Friday, April 21, 2006

Hello, hello, please come

Permission to reprint this article has to be obtained from Hindustan Times
Audiences are wooed assiduously to participate in the numerous shows on television

Shevlin Sebastian

The moment Amitabh Bachchan steps onto the Kaun Banega Crorepati 2 set, at Filmcity, on a Wednesday afternoon, the audience bursts into sustained applause. And what an audience it is: they range from giggly teenagers to excited middle-aged men and women to stoic elderly folk. For most, this is the first time they are seeing Bachchan in the flesh.
Like the effervescent airhostess, Shivani Bandekar, who says, “I have only come to see Amitabh Bachchan.” Or the smiling banker Kishore P., who says, “A friend in Star Plus gave me a pass.” Or Dilip Kumar Jadhav, who has come all the way from Jharkhand: “My brother is a cook on the sets and gave me a pass. It is an easy quiz. Till Rs 3.2 lakh, you should have no problem.” Or the calm TCS software engineer T.S. Prasanna, who says, “The set is really good.”
But KBC2 is an exception, when it comes to audience participation. “Three years ago, people were dying to participate in any show,” says Nisha Kothari, a freelance coordinator who arranges audiences for shows. “That has changed because there are so many shows now and lots of people have gone for them. The novelty value has worn off. People have become choosy.”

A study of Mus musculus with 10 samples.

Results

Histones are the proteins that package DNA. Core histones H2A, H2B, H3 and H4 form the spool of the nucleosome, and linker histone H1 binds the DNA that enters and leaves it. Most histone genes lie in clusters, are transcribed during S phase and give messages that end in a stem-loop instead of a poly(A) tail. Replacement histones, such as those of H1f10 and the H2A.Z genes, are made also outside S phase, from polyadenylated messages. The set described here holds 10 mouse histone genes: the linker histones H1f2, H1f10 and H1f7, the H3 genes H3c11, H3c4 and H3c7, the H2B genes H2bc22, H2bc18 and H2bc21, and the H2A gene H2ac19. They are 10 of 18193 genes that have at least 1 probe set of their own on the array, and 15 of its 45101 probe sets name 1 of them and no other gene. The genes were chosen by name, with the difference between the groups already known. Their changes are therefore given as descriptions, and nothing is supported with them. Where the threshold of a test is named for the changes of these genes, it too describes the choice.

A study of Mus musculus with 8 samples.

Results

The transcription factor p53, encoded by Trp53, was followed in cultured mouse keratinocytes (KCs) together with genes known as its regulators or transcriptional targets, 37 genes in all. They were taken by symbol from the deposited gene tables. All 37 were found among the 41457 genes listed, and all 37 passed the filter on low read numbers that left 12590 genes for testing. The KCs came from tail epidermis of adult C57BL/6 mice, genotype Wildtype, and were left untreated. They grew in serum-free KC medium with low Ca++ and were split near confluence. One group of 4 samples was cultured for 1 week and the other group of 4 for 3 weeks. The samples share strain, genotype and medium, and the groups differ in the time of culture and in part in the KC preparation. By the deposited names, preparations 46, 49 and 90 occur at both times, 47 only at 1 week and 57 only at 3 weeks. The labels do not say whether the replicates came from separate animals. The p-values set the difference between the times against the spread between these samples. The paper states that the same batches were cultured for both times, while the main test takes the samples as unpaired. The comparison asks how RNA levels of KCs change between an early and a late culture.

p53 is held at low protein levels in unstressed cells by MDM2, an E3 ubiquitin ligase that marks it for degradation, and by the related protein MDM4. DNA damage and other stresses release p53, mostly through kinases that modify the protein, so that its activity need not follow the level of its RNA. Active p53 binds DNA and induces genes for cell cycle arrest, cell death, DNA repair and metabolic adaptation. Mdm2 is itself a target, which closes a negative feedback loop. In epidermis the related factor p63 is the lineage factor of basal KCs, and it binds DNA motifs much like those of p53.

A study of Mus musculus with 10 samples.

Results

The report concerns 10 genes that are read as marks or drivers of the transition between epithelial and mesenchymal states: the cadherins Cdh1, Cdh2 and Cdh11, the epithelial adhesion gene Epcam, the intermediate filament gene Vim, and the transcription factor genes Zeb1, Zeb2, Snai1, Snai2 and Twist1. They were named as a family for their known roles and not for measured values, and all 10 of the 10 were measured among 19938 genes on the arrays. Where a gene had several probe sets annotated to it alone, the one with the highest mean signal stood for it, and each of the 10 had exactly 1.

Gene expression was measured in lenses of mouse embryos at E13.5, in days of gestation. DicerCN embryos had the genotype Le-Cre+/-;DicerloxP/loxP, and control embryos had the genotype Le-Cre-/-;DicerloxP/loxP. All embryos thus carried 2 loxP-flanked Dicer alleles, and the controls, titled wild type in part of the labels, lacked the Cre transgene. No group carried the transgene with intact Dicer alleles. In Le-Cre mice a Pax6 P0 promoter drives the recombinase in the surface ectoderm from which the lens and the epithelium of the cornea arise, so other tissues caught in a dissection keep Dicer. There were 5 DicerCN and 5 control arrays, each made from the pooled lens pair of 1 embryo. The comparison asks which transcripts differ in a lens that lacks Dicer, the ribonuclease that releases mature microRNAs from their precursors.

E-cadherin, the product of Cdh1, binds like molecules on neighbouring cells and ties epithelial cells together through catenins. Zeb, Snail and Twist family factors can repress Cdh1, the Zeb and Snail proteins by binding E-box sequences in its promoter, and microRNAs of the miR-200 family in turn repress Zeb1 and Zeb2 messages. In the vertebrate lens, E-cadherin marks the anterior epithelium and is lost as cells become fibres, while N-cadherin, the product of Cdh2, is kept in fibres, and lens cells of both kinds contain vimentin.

Says Bindu Harmishah, another coordinator: “Earlier, those coming as studio audience were curious to see artistes at close quarters. Now, they want to be paid.”
So channels, nowadays, to woo audiences, provide transport and snacks and pay the audience if the shooting is for several hours. “If the studio gives us money, we pay around Rs 500 a day but they have to work a minimum of eight hours,” says Harmishah. “Most of the time, the demand is for younger people.”
For Nach Baliye, the show needs a lot of clapping and screaming, which young people do with √©lan. Says Pinky Thakkar, (21), an audience participant in Nach Baliye, “Even though the hours are long, we don’t feel tired at all. I go for the fun of it.”
So how does one become a member of the audience? One way is to get in touch with the channel and express your interest. Then they will pass your name to their coordinators. Or you can send an e-mail. Says Smita Sharma, a coordinator at a business channel: “When people respond to our shows, we build up a database. We call them and ask whether they are interested in taking part.” She gets in touch two days in advance and if there is a group of people coming from a particular place, transport is provided.
Harmishah goes to the various clubs in the city and puts up advertisements. “When people show an interest, we interview them and do a final selection,” she says. She has several categories of audiences: a dancing audience, a smart audience, an intelligent audience and an audience, which can speak in English.
Coming back to KBC2, Karun Prabhakaran, director, operations, Synergy Communications, which is producing the show for Star Plus, explains the audience break-up: “During the weekends, we have a good mix of MNC executives, college students, NGOs and similar organisations. During the weekdays, we have a lot of members from housing societies, women’s organisations, airforce groups, pensioners, widows and students from mass communication institutes.” Memo to other channels: get clones of Bachchan as presenter, if you want strong audience participation. I can understand how you can feel low.